Ryan Little questions Oliver Stone‘s journalistic integrity, and Tricia Olszewski deems an exploration of the marriage between a burlesque dancer and punk-frontman boring. Plus: anomie in Serbia, Palestinians and Israelis, Danish comics in North Korea, and Finnish men in saunas!
Goodbye, How Are You?
Satire, documentaries, and fairy tales are not normally genres one would associate together, but that’s what this film calls itself: a “satirical documentary fairy tale.” Director Boris Mitic examines Serbia’s troubled political climate, showing dark images that Maura Judkis calls “absurd” and “frightening.” He features a man who wants to die for what he believes in who no longer believes in anything. According to Judkis, “This fairy tale has no happily-ever-after.”
At 1:45 p.m. at AFI Silver Theater 3; also on Friday, June 25, at 8:15 p.m. at the Discovery HD Theater.
South of the Border
Oliver Stone offers a benevolent portrait of Venezuelan president Hugo Chavez. Stone makes the case that South American leftist leaders are wrongly demonized by the U.S. media, and that the primary reason for their bad reputation in this country is oil. In addition to Chavez, he conducts interviews with other Latino heads of state, including Raul Castro, but the director makes little effort to include the voices of their detractors. “It’s a disappointing lack of balance to an incisive documentary that otherwise succeeds in presenting a startlingly fresh perspective,” writes Ryan Little.
At 4:30 p.m. at AFI Silver Theater 1.
Steam of Life
No narrative, just real Finnish men. Directors Joonas Berghäll and Mika Hotakainen film Finnish men as they air their sorrows and secrets to each other in saunas. Tricia Olszewski takes issue with the contrived execution, writing, “You can practically hear their instructions: ‘Start talking about your issues…now!’.”
At 6:45 p.m.; also on Friday, June 25, at 6:45 p.m. Both screenings at AFI Silver Theater 3.
My So-Called Enemy
This film follows participants of Building Bridges for Peace, an American program that brings Israeli and Palestinian teenage girls together with the goal of fostering mutual understanding, as they take part in the program and for seven years once they’ve returned home. Best friends Gal, an Israeli in Tel Aviv, and Rezan, a Palestinian Christian in East Jerusalem, are at the film’s center. The film follows other girls, too, some with more compelling stories than others.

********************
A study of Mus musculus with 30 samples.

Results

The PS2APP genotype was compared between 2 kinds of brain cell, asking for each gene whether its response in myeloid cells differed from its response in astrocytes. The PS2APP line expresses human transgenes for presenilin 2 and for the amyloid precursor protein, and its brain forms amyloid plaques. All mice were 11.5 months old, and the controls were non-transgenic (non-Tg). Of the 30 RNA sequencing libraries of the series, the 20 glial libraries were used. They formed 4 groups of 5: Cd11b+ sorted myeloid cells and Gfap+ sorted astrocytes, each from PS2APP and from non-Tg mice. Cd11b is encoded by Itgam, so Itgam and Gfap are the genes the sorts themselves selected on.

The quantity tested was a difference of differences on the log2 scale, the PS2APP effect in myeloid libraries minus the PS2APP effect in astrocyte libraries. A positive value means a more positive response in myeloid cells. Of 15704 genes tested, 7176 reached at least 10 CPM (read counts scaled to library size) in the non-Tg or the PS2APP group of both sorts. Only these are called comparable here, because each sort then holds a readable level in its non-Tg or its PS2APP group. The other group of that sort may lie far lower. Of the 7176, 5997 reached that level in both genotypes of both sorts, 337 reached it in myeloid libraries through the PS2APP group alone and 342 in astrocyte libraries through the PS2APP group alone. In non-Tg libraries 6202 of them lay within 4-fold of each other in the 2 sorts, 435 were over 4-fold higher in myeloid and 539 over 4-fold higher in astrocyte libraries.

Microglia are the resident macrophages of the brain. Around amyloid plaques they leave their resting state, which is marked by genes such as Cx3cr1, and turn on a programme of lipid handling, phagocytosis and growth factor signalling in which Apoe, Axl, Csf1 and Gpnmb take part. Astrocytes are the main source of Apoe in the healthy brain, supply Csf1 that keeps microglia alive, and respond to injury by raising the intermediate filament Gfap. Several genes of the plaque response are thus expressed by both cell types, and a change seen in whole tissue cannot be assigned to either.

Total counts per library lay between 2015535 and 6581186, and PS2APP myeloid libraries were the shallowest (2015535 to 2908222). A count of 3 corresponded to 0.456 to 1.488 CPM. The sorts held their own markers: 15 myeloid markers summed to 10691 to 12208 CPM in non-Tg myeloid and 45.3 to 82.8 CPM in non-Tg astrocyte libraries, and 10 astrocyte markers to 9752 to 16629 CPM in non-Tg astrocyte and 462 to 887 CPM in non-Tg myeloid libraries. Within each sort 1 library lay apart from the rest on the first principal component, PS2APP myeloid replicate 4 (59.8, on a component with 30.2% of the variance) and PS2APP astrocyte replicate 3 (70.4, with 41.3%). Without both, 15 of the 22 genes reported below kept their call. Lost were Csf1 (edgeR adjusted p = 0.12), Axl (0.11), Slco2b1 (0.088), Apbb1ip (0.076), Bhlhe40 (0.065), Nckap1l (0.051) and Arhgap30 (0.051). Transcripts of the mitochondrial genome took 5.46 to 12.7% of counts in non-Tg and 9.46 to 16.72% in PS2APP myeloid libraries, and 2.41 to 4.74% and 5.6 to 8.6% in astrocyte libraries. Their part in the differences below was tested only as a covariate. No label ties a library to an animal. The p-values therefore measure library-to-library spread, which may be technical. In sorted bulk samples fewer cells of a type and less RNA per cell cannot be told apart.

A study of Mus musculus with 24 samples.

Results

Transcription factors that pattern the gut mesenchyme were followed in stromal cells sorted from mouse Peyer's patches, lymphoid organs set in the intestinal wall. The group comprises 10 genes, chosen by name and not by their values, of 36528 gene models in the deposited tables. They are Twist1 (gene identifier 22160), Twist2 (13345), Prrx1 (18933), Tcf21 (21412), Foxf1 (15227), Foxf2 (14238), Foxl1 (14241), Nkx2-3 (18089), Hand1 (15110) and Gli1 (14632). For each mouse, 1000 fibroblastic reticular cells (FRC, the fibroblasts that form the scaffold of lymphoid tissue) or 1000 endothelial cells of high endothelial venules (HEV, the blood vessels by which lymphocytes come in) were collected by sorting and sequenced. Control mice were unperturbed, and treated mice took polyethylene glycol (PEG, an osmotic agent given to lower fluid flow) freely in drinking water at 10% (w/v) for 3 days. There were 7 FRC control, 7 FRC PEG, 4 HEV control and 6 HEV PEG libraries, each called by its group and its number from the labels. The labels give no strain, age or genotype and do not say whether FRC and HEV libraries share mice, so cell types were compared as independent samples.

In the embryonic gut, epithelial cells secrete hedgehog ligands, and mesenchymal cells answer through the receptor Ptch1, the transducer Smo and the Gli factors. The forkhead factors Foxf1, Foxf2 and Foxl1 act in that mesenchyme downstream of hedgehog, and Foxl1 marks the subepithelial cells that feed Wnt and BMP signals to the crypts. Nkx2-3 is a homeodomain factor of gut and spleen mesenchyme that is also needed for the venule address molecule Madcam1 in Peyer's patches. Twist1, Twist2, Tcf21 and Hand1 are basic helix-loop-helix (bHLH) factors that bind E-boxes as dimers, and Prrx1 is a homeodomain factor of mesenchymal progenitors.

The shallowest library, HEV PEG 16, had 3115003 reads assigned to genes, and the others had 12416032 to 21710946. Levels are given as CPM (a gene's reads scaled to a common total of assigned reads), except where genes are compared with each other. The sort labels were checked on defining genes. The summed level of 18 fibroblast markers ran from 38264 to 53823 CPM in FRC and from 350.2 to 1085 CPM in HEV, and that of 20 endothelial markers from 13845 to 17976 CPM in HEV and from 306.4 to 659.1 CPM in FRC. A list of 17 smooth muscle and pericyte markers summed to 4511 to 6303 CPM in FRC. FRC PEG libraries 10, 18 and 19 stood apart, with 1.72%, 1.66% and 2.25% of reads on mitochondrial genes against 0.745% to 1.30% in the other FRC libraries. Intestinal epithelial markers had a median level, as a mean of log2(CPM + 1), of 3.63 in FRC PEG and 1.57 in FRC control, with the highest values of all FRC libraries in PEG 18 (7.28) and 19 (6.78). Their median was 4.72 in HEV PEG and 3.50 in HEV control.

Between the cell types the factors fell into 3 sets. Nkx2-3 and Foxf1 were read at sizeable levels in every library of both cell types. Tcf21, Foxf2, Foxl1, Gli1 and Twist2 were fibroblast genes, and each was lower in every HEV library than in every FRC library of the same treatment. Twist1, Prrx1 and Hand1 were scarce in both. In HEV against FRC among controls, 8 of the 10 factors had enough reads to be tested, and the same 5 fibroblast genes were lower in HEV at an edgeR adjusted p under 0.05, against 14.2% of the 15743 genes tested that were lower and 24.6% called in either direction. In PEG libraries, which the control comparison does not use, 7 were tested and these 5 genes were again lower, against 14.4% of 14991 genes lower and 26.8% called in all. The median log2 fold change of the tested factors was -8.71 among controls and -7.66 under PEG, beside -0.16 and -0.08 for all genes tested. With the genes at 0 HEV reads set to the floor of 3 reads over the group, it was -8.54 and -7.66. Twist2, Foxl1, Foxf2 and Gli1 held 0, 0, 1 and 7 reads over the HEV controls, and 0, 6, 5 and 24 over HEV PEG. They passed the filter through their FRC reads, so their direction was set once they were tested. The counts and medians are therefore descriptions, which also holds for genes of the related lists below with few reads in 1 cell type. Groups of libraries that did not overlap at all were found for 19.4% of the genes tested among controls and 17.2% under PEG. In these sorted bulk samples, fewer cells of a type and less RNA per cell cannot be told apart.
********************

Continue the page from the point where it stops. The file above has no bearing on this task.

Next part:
At 7:15 p.m. at AFI Silver Theater 2; also on Thursday, June 24, at 12:30 p.m. at the Discovery HD Theater.
The Red Chapel
Director Mads Brügger, a left-leaning writer, arranges for a trip to North Korea with two Korean-Danish comedians. The trio gain unique access to the country, getting a rare glimpse behind Kim Jong-Il’s curtain. Each night, Brügger submits his footage to North Korean secret police review for review. They play nice while they’re there, but the film offers an educational, and ultimately scathing commentary on North Korean life.
At 8 p.m.; also on Saturday, June 26, at 10:45 p.m. Both screenings at the Discovery HD Theater.
Director Nicole N. Horanyi examines the marriage of a burlesque dancer, Terri Lee Geary (aka Kitten DeVille), and her punk-frontman husband, Shawn Geary. Now with three kids, can they continue to lead the lives they met 26 years ago? Tricia Olszewski finds the premise promising, but the film’s “meandering storytelling fails to sketch its main characters vividly enough to make viewers give a damn.”
At 9 p.m. at AFI Silver Theater 3; also on Friday, June 25, at 11 a.m. at the Discovery HD Theater and on Saturday, June 26, at 10:30 p.m. at AFI Silver Theater 1.